According to many, open-world is fun. Perhaps it's the sense of freedom, progression, or influence upon the world which tickles a player's funny bone. Whichever it is, if there's anything we game designers know, it's that it's hard to pull off.
Open-World?! What's That Mumbo-Jumbo's All About?
Firstly, what is an open-world game? Trusty Wikipedia reports,
A video game in which a player can roam a virtual world and approach objectives freely, as opposed to a game with more linear gameplay.
Yet with such a notion of a player freely wandering into wherever they please comes bundled with a set of issues which, if not dealt with properly, will make or break your game. Most prominently...
Player Power Level vs. World Power Level
Imagine you're making a game with a linear main quest where monsters gradually get stronger as the player progresses and gains more power. You wake up one day and decide open-world is the one feature which has to be included in your game. So you go ahead and remove all travel restrictions, and add a bit of side content.
The ingenuous player decides to delay your main quest and spend some time on side quests. "Those monsters sure keep getting stronger," thought the player. "I need to do some side quests so I can stay one step ahead of them."
Lo and behold, your carefully crafted power balance is completely destroyed, leaving you with an overpowered player to wipe the floor with any poor monster who dares cross his path.
I'm sure you can imagine an alternative where the player is wrecked in side quests meant for a more powerful player.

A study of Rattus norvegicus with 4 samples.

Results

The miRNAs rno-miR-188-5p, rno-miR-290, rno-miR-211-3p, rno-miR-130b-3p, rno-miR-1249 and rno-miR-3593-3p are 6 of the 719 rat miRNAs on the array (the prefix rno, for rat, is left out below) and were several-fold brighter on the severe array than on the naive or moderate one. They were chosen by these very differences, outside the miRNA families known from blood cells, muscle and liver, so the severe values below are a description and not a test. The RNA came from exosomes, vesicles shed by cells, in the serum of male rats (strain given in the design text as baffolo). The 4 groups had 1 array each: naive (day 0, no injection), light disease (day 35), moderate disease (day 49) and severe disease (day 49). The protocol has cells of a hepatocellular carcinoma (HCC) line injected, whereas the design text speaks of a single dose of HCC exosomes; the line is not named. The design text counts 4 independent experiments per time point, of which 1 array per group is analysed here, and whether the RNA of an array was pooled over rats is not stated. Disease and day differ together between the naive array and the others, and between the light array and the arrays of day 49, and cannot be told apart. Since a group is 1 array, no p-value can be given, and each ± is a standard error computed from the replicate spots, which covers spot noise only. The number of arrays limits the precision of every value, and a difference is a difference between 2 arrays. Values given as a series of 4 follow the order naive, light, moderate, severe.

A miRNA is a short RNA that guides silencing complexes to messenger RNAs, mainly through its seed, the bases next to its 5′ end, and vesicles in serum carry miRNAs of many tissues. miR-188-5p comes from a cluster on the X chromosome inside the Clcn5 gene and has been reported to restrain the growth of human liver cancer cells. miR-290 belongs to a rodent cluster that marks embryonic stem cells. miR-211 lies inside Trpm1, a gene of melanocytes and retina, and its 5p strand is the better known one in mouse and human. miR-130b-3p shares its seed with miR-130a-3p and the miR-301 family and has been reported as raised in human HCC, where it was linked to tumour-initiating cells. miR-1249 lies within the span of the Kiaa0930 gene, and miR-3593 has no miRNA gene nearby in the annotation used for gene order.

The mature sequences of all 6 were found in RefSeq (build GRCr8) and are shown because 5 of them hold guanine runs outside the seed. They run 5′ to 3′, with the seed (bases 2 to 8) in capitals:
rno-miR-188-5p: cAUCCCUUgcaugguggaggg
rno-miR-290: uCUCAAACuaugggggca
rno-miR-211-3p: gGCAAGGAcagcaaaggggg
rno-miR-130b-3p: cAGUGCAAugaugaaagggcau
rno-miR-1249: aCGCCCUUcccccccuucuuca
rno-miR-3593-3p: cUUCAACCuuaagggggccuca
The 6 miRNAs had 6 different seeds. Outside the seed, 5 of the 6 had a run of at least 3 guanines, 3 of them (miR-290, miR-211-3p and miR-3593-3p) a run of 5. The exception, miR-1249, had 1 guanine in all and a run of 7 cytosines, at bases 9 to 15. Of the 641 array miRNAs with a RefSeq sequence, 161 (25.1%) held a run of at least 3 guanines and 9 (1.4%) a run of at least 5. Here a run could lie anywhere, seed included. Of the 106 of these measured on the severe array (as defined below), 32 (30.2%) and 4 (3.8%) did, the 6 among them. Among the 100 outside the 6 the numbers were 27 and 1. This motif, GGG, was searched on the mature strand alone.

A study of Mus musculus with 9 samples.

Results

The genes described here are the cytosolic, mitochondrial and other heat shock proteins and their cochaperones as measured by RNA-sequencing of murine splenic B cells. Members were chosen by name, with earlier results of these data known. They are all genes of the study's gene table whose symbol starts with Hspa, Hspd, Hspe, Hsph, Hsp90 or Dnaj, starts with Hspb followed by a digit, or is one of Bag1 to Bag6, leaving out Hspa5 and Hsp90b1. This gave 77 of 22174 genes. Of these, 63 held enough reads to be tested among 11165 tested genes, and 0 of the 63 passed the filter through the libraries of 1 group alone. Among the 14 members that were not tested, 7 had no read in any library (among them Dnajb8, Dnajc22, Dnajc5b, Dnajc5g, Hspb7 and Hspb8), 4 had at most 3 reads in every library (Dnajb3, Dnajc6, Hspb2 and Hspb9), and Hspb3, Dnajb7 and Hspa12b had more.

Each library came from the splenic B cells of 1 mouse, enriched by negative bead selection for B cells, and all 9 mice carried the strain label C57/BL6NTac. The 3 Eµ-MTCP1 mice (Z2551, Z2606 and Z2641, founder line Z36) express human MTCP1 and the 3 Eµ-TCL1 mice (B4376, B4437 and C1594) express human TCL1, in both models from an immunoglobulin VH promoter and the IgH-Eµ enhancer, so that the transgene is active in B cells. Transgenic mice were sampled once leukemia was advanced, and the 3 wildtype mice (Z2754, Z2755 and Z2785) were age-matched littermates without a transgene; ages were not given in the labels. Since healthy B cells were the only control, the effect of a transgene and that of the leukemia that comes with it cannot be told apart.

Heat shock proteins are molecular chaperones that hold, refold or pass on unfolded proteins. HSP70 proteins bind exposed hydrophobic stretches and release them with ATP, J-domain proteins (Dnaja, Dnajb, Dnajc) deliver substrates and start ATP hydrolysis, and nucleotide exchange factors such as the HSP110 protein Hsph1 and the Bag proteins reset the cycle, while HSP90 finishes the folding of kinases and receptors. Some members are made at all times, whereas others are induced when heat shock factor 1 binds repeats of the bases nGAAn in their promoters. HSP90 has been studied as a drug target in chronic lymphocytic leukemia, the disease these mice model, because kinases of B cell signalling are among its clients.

So how do you solve this? Let me just quote a little thing I've read in the vast cosmos of the interwebz:
Game design is pretty much one giant [CENSORED] ball of borrowing
In other words, in order to do things properly, we need to study the work of others, and see how they've done it.
Let's take a look at the amazing Skyrim. How does it handle its level scaling?
Different locations in Skyrim have different inherent difficulties. In other words, some dungeons are designed to be too difficult for low-level characters to enter.
That is to say, every location has a minimum and a maximum level. Say we have a dungeon from level 5 to 30.
If the player enters before the minimum level at, say, level 2, they enter a dungeon with stronger level 5 enemies and better loot. If the player enters within the level range, for example, level 15, the dungeon would contain level 15 enemies. And if the player enters after the maximum level, that is, 30+ they get to wipe the floor with level 30 enemies.
Such a system allows for intricate risk/reward balancing. As in, "Just defeated a horde of trolls 10 levels above yourself? Here's some awesome loot to compensate." and "Done wiping the floor? Here's your two septims."
Well there you have it. You've learned to avoid a game-breaking problem with open-world games. And in the solution, apply a new fun mechanic giving the player choice; and lots of rewards for daring ones.
What do you think of the proposed solution? Have you encountered other problems with open-world games? Leave us a comment with your thoughts.